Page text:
Tuesday, 4 November 2014

Family connections with the Melbourne Cup

The Melbourne Cup is known as "the race that stops the nation". Currently held on the first Tuesday in November, the Melbourne Cup (first run in 1861) was initially run on a Thursday but in 1875 it was changed to a Tuesday (except for 1942, 1943 and 1945 when it was run on a Saturday). Melbourne Cup Day is a public holiday for those living in Melbourne but throughout Australia most people stop what they are doing at 3.00pm to watch or listen to the race. The horses in this handicap race run 32,000 metres and come from many countries. The Melbourne Cup has always been a popular racing event with huge crowds attending the event.
In 1920 the Melbourne Cup was won by Poitrel, a horse owned and bred by William Moses (1861-1926) and his brother, Frederick Albert Moses (1863-1942). Trove contains many articles about the racing career of Poitrel, particularly about the lead up to and the running of the Melbourne Cup race. Some of the articles have been transcribed elsewhere in this blog - (Melbourne Cup 1920 and Poitrel wins the Melbourne Cup)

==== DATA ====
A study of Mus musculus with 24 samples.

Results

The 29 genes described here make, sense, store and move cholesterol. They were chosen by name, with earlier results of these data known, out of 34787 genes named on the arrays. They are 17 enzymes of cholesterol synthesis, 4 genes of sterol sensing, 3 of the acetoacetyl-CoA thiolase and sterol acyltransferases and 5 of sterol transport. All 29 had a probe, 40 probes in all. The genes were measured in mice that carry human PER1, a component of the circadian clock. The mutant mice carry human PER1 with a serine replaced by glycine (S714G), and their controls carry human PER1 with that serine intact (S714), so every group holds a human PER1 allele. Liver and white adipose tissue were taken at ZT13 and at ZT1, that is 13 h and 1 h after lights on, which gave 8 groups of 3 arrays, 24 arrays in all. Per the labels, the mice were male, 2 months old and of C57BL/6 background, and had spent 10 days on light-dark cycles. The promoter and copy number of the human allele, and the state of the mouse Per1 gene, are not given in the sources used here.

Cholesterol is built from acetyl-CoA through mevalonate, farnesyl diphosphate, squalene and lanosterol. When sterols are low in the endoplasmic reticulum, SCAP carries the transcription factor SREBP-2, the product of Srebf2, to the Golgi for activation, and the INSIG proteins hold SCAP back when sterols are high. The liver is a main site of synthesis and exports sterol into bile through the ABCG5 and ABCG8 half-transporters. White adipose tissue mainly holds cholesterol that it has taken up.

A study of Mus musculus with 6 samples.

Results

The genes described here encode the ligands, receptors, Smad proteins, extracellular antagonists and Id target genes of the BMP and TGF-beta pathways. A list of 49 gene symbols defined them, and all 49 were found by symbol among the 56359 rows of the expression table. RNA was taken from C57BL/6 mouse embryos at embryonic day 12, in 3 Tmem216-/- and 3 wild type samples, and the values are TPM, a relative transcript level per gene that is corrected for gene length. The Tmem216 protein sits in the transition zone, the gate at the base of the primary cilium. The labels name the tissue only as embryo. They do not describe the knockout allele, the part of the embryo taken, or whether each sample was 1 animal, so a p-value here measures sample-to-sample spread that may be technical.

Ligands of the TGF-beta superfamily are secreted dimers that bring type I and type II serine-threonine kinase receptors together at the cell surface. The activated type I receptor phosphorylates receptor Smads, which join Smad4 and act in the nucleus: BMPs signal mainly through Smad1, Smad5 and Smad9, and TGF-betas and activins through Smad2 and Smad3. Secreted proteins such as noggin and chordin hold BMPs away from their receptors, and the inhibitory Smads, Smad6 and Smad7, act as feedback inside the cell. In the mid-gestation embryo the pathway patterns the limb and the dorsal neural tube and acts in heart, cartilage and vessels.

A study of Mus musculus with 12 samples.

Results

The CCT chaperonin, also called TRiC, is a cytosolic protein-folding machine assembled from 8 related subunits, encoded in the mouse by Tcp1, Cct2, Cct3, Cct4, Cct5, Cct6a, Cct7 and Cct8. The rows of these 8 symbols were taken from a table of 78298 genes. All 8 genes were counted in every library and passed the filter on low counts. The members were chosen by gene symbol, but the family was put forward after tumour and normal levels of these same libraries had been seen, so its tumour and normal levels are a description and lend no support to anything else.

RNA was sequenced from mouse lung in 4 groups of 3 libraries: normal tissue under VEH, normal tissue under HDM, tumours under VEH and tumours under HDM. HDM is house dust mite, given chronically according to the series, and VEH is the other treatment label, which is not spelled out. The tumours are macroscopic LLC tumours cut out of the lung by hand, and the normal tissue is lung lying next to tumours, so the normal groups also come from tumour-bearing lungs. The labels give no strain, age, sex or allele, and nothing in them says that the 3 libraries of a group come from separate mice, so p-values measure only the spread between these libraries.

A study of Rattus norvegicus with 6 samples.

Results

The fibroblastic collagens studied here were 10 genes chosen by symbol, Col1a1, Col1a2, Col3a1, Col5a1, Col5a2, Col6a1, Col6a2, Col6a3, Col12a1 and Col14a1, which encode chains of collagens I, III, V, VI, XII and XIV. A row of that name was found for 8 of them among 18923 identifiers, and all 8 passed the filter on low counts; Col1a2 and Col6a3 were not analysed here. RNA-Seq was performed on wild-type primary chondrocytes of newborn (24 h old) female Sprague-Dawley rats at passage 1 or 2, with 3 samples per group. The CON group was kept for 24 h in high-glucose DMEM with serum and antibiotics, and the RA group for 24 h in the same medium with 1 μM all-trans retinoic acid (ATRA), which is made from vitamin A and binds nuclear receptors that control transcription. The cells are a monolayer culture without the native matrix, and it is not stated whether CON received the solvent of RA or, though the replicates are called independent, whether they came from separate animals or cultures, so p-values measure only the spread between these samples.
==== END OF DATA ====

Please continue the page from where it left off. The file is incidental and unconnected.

William (Bill) and Frederick (Fred) Moses were sons of Henry Moses (1832-1926). Henry Moses was a son of Uriah Moses (1780-1847) who came to Australia as a convict in 1800. Henry was a successful businessman, landowner and a New South Wales parliamentarian. William and Frederick were both owners of properties in New South Wales. They also bred racehorses, the most successful being Poitrel. An interview with the owners after the 1920 race revealed that the horse had been offered for sale at the Yearling Sales but the reserve price of £300 was not met so the brothers decided to keep the horse themselves. In hindsight this would appear to have been a wise decision. As well as winning the Melbourne Cup Poitrel was second in the Sydney Cup and won the AJC Queen Elizabeth Stakes. Racerate.com provides a record of Poitrel's racing career. Poitrel retired from racing in March 1921 and was sent to the Arrowfield Stud, owned by the Moses brothers, in the Hunter Valley. Arrowfield Stud is now part of the Coolmore Stud. Poitrel died in 1932.

Racing and Sports carries an article about connections of the Moses family with horseracing.

Obituary William Moses - Obituaries Australia

William and Frederick Moses were first cousins of my grandfather.